Storm sends St. Anselm steeple flapping
Powerful winds badly damaged St. Anselm’s towering church steeple – a Leaside landmark – on Easter Monday. Copper plates ominously sprang loose on the 52-year-old spire, and noisily flapped like a ship’s sail. One big plate vanished.
A 911 call brought police; passersby were diverted; neighbours moved cars out of danger; and the principal of the (empty) St. Anselm’s School was alerted. Two days later, in calmer weather, a crane hoisted workers 140 feet to the steeple’s peak, and they began to make cladding safe. A next step may be to rebuild the whole steeple, reduce its size – or remove it.
This is a second notable roof event at St. Anselm’s. In August, a 110-pound lantern – originally in St. Michael’s Cathedral – plunged and shattered days after being installed. Fortunately, the church was empty and no one was hurt. The remaining heavy lights were quickly re-installed, with safety cables added.
PLEASE Slow Down signs in yellow and black have sprouted on streets around Bessborough school. Clearly, sensible advice from Toronto’s transportation service.
Question: If other areas are now 30 km/h zones, when will Leaside’s 40 km/h speed limit be lowered to protect our children? (For example, nearby Maurice Cody School – just west of Bayview – is a 30 km/h zone.)
Answer: As soon as possible when Councillor Jon Burnside gets the support he needs from households on streets around Bessborough.
Recent speed tests requested by Burnside showed worrisome results on Bessborough between Sharron and Field. In a day-long survey, 85 per cent of drivers on the school stretch reached 46-50 km/h. Between 8 a.m. to 5 p.m. – school hours – one driver hit 65 km/h, other speeders 55 km/h. Most drivers overall were in the 20-50 km/h range – the later speeds being still dangerously high.
“I want to get a 30 km/h limit on that Bessborough stretch – but it is up to the community to help me do it,” Burnside said.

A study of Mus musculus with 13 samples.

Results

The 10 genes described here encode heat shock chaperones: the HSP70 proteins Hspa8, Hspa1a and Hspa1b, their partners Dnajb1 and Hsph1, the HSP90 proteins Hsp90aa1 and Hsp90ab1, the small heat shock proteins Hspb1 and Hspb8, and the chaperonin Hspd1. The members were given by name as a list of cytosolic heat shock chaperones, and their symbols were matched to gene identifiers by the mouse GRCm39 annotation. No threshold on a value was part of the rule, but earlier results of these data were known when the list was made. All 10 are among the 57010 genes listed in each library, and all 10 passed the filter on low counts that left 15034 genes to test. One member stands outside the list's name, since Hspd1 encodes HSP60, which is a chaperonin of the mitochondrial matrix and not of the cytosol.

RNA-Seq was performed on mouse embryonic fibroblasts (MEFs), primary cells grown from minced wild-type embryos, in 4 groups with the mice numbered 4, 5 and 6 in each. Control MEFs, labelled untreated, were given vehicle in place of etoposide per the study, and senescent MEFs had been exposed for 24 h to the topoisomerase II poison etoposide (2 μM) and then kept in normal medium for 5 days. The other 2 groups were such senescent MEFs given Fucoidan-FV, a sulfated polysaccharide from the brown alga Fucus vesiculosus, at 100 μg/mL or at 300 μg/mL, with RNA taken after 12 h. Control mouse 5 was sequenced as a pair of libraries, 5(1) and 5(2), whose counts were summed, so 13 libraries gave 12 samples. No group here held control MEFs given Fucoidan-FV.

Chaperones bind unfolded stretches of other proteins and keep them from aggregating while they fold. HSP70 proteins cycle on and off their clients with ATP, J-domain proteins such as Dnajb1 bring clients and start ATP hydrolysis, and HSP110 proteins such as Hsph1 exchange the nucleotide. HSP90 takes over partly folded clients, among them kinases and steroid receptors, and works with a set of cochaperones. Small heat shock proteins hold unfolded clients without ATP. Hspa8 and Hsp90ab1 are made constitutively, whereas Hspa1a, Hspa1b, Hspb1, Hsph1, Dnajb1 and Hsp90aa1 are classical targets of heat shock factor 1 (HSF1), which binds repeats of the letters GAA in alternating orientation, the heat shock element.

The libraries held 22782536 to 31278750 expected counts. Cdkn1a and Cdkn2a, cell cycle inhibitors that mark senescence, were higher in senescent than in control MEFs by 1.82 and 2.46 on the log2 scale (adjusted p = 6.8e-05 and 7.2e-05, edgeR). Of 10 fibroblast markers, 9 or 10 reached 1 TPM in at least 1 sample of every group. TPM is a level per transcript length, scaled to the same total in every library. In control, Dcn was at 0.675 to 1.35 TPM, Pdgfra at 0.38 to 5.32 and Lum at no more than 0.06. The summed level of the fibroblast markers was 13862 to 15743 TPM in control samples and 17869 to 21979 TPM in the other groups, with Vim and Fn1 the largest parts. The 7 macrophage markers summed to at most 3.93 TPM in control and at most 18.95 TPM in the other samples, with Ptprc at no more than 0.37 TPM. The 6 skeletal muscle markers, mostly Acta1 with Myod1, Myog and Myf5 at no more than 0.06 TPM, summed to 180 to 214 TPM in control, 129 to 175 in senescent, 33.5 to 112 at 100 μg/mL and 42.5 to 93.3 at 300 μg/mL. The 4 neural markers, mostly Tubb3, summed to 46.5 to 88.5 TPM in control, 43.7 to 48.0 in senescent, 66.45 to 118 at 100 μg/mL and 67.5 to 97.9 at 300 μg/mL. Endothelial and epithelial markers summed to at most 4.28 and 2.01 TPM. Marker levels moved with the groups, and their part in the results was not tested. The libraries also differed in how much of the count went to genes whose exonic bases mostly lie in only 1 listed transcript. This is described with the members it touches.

When Burnside gets 25 percent of households to respond to a poll he planned to mail mid April, with at least 51 percent of respondents expressing a desire for a slower speed limit around Bessborough, the councillor feels “it should be easy” to get the far-safer 30 km/h limit at the school, with other Leaside schools to follow.
“I want all our children to be safe. That’s utmost in my mind,” he told The Idler.
Until that happens, drivers are urged to PLEASE Slow Down – and that means driving far slower than the still-posted 40 km/h signs!
Spotted on Bayview during recent sub-zero weather: Several infants and toddlers without mittens or hats.
A proud Leaside dad reports his computer code-writing daughter – a former Leaside high student and now at U of T – is working with a team of whizkids to build a robotic submarine that works entirely on its own.
Such underwater “drones”. with intelligence built in, may be used in future to discover wrecks and sunken archeological sites. The students are studying science, technology, engineering and math. They hope their self-guided sub will make a splash at the global RoBoSub Competition in California.
The dad asked the family name be withheld.